Former Irish president Mary Robinson appointed chairwoman of The Elders

Former Irish president Mary Robinson has been appointed chair of peace and human rights campaigning group The Elders.

The international organisation of senior public figures was set up by the late Nelson Mandela in 2007.

Mrs Robinson becomes the third person to chair the group, following in the footsteps of Archbishop Desmond Tutu and the late Kofi Annan, who died earlier this year.

Mrs Robinson said it was a “huge honour” to take up the role at such a critical moment for peace, justice and human rights worldwide.

“Building on the powerful legacies of Archbishop Tutu and Kofi Annan, I am confident that our group’s voice can both be heard by leaders and amplify grassroots activists fighting for their rights,” she said.

Irish President Michael D Higgins congratulated Mrs Robinson on her appointment, saying it was a “testament to the very high regard in which she is held at a global level”.

Mr Higgins, who was re-elected for a second term last week, said the former president continued to be a “source of inspiration and deep pride” for the Irish people.

“In her new role, Mary Robinson will build on the work of the late Kofi Annan, Archbishop Desmond Tutu and Nelson Mandela in harnessing the wisdom and experience of so many remarkable individuals to tackle the most pressing issues facing our world,” he said.

Ireland’s deputy premier Simon Coveney, who also welcomed the appointment, said Mrs Robinson’s appointment to succeed Mr Annan, former secretary general of the UN, was “recognition of her long and courageous engagement in the causes of international peace, justice and human rights”.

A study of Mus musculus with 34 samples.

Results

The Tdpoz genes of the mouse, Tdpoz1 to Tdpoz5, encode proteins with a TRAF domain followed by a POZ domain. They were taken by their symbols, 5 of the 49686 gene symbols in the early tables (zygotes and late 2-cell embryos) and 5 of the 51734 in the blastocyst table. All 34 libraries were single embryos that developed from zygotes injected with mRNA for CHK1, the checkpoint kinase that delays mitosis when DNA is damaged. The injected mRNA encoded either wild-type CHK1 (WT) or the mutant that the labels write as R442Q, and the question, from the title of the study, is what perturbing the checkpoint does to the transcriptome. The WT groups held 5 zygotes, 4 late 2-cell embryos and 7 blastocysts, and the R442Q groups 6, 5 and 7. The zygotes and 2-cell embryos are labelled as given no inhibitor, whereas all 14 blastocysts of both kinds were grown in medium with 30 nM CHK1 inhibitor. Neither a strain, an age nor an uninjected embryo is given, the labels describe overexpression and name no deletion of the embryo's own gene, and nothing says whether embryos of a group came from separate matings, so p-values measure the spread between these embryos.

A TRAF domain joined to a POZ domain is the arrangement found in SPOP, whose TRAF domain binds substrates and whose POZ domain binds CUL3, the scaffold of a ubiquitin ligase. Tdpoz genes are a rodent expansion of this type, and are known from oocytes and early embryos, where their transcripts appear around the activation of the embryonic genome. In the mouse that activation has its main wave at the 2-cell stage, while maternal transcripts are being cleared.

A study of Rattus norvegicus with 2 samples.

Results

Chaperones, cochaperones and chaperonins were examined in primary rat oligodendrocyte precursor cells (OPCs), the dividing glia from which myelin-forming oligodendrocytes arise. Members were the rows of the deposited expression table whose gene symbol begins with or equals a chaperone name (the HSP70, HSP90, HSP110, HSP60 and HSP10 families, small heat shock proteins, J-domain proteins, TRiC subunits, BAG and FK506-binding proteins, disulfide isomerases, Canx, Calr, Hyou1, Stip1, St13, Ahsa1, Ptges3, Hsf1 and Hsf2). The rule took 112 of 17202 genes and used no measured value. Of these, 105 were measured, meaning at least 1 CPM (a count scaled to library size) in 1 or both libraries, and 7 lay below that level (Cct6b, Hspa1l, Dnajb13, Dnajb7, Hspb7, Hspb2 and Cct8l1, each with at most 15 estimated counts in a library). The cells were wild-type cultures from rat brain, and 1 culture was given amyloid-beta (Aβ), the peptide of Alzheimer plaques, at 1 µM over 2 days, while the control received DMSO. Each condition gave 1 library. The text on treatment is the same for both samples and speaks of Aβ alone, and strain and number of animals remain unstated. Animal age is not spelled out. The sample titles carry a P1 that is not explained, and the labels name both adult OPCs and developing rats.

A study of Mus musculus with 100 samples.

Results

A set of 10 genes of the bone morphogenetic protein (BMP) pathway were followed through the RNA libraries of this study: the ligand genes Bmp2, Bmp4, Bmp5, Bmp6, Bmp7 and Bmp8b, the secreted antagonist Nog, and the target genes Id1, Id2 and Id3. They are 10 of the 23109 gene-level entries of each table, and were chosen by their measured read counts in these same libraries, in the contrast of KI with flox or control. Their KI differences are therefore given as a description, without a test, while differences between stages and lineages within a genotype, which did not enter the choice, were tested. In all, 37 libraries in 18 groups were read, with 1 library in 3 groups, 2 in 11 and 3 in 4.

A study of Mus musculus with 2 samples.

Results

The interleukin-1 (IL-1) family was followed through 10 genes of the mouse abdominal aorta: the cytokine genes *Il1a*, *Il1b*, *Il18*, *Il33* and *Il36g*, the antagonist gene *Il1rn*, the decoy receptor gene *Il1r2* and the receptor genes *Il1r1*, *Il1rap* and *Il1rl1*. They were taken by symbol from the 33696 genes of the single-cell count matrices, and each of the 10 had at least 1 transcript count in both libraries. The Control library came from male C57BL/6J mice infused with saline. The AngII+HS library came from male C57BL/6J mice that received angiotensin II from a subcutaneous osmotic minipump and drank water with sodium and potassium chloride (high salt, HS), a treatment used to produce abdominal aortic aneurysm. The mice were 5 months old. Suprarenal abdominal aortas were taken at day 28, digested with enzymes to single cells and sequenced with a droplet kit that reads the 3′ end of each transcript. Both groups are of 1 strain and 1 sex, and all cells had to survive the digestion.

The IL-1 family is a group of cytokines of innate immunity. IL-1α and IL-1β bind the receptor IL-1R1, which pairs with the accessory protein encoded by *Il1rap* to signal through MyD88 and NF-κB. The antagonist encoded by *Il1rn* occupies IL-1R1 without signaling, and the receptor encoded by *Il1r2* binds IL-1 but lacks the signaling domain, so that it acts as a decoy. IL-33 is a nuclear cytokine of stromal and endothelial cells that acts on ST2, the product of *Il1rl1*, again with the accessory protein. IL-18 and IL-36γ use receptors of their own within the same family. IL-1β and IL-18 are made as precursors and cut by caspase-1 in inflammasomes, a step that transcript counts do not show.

“She takes up this position at a time when the world needs to hear strong voices, such as Mary Robinson’s, advocating for multi-lateralism and international co-operation.”

He added that she “brings great honour to Ireland” in the process.

Archbishop Tutu said he was delighted about the appointment.

“I have witnessed her commitment to rights and justice in Palestine, Cote d’Ivoire, India and so many other parts of the world,” he said.

“Mary always puts ordinary people at the heart of The Elders’ mission, and I know she will fight for their rights with the same vigour as our dearly missed brother Kofi.”

Former UN secretary-general Ban Ki-moon and Mozambique’s former education minister Graca Machel, who co-founded The Elders, will serve as joint deputy chairs.

Mrs Robinson became the first woman elected as President of Ireland when she was inaugurated in 1990.

She is also a former United Nations High Commissioner for Human Rights.

In 2014 she was appointed to oversee UN efforts to tackle climate change.